Cayman to host regional marine conference

| 18/08/2016 | 7 Comments
Cayman News Service

The Balboa Shipwreck and reef in the George Town Harbour (Photo by Courtney Platt)

(CNS): As the country waits on the government to approve the expansion and enhancement of marine parks around Cayman to protect reef fish in particular, the Department of Environment has announced that it will be hosting the annual Gulf and Caribbean Fisheries Institute (GCFI) Conference on 7-11 November. Officials said that more than 80 countries will be sending delegates to discuss and exchange information on the use and management of marine resources in the Caribbean and the Gulf of Mexico.

“The conference is GCFI’s key event, and the attendees are a diverse mix from the scientific, academic, governmental and commercial sectors,” said DoE Director Gina Ebanks-Petrie. “The technical presentations and workshops that will be presented will allow them to explore current resource management issues in depth, and in the process there will be many opportunities for dialogue among groups that usually are isolated from each other.”

Subjects such as governance, livelihoods and organisations; reefs and associated ecosystems fisheries; habitats, climate change and coastal management; essential fish habitats; and aquaculture will be on the agenda.

As well as gathering together people dealing with the same challenges across the region, the conference will provide an opportunity to promote the destination, and also demonstrate both Cayman’s success with conservation efforts and evidence that even more needs to be done.

DoE Research Officer Bradley Johnson said that he and his DoE colleagues are excited to be hosting the prestigious event.

“This is a huge deal for us and for Cayman,” he said. “It’s fantastic for our islands in terms of promoting and informing our environmental positions, but it’s also great for us economically.”

Based on attendance for previous conferences, the week is expected to bring 250 to 300 visitors to Cayman. And on Wednesday afternoon, 9 November, international delegates will have a chance to get to know the islands better.

“Every year, the conference sets aside Wednesday afternoon as the day for attendees to explore the host country,” Johnson said. “This gives our business community the opportunity to showcase all the best of Cayman’s cultural heritage – which of course includes our beautiful environment.”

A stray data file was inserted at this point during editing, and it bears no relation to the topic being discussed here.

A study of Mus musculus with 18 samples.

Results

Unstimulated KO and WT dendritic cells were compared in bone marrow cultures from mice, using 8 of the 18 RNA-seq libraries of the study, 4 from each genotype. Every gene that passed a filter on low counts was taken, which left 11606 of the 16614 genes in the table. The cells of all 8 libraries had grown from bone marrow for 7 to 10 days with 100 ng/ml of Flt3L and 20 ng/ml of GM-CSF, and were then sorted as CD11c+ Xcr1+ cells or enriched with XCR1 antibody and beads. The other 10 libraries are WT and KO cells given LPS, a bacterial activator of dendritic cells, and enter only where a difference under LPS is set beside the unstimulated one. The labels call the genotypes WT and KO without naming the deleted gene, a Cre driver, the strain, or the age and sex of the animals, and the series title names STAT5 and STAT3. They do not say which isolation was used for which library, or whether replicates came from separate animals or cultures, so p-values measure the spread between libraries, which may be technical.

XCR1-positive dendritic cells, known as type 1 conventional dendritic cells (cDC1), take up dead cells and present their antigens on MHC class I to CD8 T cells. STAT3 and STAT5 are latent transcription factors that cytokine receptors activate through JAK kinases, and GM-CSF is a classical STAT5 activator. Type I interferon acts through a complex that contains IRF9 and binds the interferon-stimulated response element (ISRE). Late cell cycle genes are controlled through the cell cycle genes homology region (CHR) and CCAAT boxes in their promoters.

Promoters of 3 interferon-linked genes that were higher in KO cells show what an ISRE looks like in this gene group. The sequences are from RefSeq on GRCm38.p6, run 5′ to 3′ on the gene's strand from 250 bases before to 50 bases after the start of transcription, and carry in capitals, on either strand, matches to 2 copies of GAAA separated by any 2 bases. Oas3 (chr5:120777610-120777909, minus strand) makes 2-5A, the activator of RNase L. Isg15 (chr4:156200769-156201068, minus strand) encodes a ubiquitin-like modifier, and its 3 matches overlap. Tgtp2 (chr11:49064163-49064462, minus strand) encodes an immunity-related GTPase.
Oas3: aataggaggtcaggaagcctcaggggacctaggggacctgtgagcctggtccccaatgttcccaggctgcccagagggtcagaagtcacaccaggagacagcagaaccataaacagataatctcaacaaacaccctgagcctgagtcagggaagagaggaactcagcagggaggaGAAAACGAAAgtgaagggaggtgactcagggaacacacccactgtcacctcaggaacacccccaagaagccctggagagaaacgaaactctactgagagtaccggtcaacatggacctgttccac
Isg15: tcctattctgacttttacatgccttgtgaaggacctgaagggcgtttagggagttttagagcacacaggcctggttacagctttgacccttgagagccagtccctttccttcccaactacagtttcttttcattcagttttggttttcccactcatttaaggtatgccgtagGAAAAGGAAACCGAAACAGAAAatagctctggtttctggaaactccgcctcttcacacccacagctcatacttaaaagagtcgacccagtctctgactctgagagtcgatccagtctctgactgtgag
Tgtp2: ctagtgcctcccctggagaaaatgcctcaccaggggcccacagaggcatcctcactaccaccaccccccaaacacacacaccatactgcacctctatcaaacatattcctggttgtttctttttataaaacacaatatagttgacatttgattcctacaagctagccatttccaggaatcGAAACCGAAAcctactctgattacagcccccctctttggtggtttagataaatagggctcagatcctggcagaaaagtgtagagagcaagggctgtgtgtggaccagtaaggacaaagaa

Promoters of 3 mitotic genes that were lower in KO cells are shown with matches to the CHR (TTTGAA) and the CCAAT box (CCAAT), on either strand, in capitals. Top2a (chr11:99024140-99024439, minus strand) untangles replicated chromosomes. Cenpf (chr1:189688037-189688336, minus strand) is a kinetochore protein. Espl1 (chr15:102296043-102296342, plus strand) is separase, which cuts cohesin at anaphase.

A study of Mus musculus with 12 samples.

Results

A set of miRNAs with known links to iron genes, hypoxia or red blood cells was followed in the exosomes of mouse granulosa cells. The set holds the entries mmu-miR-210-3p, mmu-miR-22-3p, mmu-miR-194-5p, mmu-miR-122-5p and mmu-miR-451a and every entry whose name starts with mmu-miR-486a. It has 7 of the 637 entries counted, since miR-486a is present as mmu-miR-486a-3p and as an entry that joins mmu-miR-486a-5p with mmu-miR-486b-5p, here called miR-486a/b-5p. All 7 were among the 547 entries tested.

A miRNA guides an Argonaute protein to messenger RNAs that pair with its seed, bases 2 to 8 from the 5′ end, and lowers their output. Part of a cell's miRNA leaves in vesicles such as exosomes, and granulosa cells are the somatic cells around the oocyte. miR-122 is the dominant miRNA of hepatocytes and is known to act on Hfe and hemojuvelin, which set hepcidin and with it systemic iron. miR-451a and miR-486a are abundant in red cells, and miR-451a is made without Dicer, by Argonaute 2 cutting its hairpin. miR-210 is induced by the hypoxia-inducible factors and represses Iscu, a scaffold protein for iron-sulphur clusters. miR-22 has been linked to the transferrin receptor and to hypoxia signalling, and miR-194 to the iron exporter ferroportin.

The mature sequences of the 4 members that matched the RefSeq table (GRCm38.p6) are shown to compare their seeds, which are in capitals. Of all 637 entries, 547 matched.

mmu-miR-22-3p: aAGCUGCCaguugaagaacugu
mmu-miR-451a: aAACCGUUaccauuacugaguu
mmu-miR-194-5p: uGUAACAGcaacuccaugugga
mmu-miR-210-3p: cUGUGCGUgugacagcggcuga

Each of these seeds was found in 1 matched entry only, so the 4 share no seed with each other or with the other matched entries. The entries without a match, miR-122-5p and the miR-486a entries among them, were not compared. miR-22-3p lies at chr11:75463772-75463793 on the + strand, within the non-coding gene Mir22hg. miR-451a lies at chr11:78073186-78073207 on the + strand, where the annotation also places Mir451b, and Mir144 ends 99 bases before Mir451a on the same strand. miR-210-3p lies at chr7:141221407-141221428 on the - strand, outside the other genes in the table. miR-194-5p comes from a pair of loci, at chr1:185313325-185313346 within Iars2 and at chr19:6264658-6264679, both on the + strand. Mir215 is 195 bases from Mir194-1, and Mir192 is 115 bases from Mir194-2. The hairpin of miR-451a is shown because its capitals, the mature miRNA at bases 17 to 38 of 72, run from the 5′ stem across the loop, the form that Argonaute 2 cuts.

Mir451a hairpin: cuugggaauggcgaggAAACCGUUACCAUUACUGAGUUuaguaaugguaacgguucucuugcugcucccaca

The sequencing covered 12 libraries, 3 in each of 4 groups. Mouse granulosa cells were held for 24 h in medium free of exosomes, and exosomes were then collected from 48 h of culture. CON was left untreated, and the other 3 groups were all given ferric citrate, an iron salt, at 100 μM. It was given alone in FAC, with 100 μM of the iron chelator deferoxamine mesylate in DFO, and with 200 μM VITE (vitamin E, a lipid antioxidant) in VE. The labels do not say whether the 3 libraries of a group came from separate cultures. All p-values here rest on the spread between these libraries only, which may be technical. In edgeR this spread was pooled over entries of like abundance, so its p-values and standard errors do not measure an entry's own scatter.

The conference is scheduled for 7-11 November at The Westin, Grand Cayman


Comments (7)


    Apparently, the DoE made their 2nd bust of the year…

    https://www.caymancompass.com/2016/08/18/enforcement-officers-fighting-poaching/

    I would congratulate them but this is simply a drop in the ocean (excuse the pun). In the grand scheme of things 2 busts is nothing when you see the level of poaching that goes on in Cayman. I wonder if DoE have ever heard of instagram or facebook, because people blatantly poach all the time and share evidence of their catches with the world. In the past I’ve reported examples to DoE but nothing happens. Why can’t people bragging about poaching on social media be used as evidence?

  2. Louise says:

    Let’s host a Marine Conference whilst ignoring legislation proposals to enhance the protection of our marine environment. “Do as I say, not as I don’t”…

  3. Captain Obvious says:

    Great you’ve expanded the marine parks, but who is going to protect them? When will DoE employ more enforcement officers? Why are they wasting money on hosting events and not spending it on enforcement where it is desperately needed? Surely bigger parks mean more officers are needed to patrol them?

    Pull your heads out and get this sorted DoE or the expanded marine parks will be completely meaningless!

    • Anonymous says:

      Exactly. Expanding the marine parks without enforcing them will only penalise those of us who play by the rules. The existing parks are sufficient in my opinion: they just need to be properly monitored and enforced. We’ve apparently got millions of dollars sitting in an environmental fund – use it to pay for more marine officers and whatever equipment they need to do their jobs properly.

      • Anonymous says:

        Even with the existing parks we are not at a sustainable level. Our reefs and the fish populations are continuing to decline. Our ONLY hope is expanded marine parks so that nature has an opportunity to repair and replenish itself!

        • Anonymous says:

          How can you know that? The existing parks are not properly enforced…

          • Anonymous says:

            We know that because we are currently only protecting a small proportion of our reef and shallow seas.

            Many others have done a lot of research around the world and determined that there needs to be around 50% of our productive reef and shallow seas protected so that fish and other marine life populations can be rebuilt and sustain neighbouring unprotected areas.

            If we don’t have enough protected areas even if you are successful in protecting them completely, it will not be sustainable.

            Therefore we need to improve enforcement for sure but we need to expand the protected areas as well or it wont make much difference to the end result.